Treasures of the Natural World shine at Melbourne Museum

From London's Natural History Museum comes an extraordinary journey through fascinating objects that changed the way we understand the world.

Queen Alexandra's Birdwing Butterfly. Source: The Trustees of the Natural History Museum, London

Treasures of the Natural World, a one-of-a-kind exhibition that brings together the best of London's Natural History Museum's collection, comes to Australia for the first time in May 2020. Visitors to Melbourne Museum will experience remarkable objects up close and learn how they changed the way we understand the world.

More than 200 specimens from the Natural History Museum’s immense collections show the marvels of our natural world. From the unique or extremely rare to the mysterious and astonishing, each and every one of these invaluable objects have been carefully selected for its historical importance and its contribution to science. Many of the items on display inspired scientific discoveries that changed how we understand life on Earth and provide insights into some of the world's greatest scientific minds.

‘This exhibition is an Australian-first and will bring a rare collection of fascinating objects that have changed history to Victoria. Their discovery, and the unconventional minds behind them, remind us how curiosity and creativity enrich our lives,’ said Minister for Creative Industries Martin Foley.

Highlights of the exhibition include objects from the personal collections of Charles Darwin that inspired his theory of evolution through natural selection. Visitors will also see a rare Martian meteorite that fell to Earth in 1911, 11 million years after it was blasted into space. Also on display is a 200 million-year-old Ichthyosaurus fossil found by English fossil collector Mary Anning when she was just 11 years old. Melbourne Museum's interpretation of the exhibition will be enriched by the addition of First Peoples’ narratives, which represents an important step in acknowledging the complex history of some of these objects, and respecting the deep relationship First Peoples have with the natural world.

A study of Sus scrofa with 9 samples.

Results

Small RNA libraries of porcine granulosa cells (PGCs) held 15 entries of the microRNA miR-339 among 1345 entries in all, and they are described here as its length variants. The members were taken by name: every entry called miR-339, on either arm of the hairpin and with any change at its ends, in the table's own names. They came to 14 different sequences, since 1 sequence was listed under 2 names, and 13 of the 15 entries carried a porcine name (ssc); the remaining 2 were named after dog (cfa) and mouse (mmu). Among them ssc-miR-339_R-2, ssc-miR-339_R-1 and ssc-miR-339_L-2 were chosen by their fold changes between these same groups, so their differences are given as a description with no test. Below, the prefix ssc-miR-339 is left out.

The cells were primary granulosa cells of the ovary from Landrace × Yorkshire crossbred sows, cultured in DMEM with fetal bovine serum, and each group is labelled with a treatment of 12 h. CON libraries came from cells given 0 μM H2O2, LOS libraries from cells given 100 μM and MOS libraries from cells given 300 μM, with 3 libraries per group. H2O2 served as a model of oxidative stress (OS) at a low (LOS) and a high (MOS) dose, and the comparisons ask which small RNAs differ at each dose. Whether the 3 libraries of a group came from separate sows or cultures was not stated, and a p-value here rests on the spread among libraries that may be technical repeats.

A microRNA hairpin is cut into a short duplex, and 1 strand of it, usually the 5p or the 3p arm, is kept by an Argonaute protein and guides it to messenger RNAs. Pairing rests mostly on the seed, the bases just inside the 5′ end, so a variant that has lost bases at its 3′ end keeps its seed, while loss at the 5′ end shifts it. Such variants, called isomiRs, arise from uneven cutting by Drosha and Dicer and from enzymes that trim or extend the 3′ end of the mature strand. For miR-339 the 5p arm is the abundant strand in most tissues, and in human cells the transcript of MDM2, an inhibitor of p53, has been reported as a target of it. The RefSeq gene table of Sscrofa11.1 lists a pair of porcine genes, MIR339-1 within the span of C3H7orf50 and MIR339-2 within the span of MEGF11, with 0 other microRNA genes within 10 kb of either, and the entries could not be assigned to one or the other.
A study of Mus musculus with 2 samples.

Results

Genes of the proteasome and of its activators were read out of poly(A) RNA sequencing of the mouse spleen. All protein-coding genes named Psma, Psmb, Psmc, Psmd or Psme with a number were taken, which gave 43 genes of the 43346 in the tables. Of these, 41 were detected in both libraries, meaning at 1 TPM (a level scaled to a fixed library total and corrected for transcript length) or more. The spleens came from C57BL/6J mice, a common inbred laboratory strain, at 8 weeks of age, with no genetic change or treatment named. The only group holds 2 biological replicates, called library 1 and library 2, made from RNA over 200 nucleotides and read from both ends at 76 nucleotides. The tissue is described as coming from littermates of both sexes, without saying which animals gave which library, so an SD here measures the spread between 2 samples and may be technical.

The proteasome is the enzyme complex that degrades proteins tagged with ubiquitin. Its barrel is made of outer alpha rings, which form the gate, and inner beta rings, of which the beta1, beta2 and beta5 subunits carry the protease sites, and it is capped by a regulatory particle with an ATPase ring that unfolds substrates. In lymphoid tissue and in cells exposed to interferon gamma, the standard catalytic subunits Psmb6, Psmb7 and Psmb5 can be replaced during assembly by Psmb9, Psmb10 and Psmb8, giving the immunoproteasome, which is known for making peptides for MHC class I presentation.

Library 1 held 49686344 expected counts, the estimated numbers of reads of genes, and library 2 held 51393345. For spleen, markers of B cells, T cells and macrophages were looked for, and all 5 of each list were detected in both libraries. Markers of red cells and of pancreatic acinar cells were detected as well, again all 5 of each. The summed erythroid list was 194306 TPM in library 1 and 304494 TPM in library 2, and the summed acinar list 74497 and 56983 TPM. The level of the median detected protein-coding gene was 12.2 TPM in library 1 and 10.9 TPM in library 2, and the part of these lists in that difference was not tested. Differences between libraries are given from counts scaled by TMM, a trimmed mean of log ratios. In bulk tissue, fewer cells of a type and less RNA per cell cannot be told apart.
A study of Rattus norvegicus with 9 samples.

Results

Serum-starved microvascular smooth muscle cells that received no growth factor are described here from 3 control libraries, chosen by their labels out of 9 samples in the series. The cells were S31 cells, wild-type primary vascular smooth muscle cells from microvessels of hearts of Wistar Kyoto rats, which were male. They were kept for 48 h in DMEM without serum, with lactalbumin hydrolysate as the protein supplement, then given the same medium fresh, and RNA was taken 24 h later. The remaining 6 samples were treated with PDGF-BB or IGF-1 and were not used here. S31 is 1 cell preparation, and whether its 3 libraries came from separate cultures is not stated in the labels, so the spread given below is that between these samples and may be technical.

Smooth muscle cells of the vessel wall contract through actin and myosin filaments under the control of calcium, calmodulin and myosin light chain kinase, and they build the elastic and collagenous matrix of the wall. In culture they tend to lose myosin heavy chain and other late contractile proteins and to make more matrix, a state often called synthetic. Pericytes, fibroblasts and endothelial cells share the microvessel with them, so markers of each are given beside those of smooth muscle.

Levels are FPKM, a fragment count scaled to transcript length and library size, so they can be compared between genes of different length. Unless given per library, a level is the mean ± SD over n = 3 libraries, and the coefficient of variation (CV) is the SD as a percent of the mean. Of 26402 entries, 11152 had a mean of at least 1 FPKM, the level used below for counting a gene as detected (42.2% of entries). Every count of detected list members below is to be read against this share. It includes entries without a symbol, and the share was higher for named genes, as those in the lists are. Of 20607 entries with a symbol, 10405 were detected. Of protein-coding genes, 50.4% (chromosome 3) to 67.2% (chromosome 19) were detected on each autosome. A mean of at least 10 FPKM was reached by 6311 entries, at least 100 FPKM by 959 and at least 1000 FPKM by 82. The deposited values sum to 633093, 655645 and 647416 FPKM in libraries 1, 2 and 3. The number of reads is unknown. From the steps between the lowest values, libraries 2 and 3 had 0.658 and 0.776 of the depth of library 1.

Museums Victoria director and CEO Lynley Crosswell explains the vital importance of natural history collections in understanding our planet’s extraordinary biodiversity and how it is being impacted by our changing environment.

'We are delighted to bring this incredible exhibition to Melbourne Museum. Each of these extraordinary objects—from the exquisitely beautiful to the extremely rare—has a remarkable story and reveals how our understanding of the world has changed.'

The exhibition shows how, through the ongoing study of these natural treasures, there is always more to learn. Treasures of the Natural World will inspire and educate the scientists and decision-makers of the future.

A fantastic journey full of fascinating objects, Treasures of the Natural World - produced and curated by the Natural History Museum, London - opens at Melbourne Museum on 22nd May, 2020. Tickets are on sale now.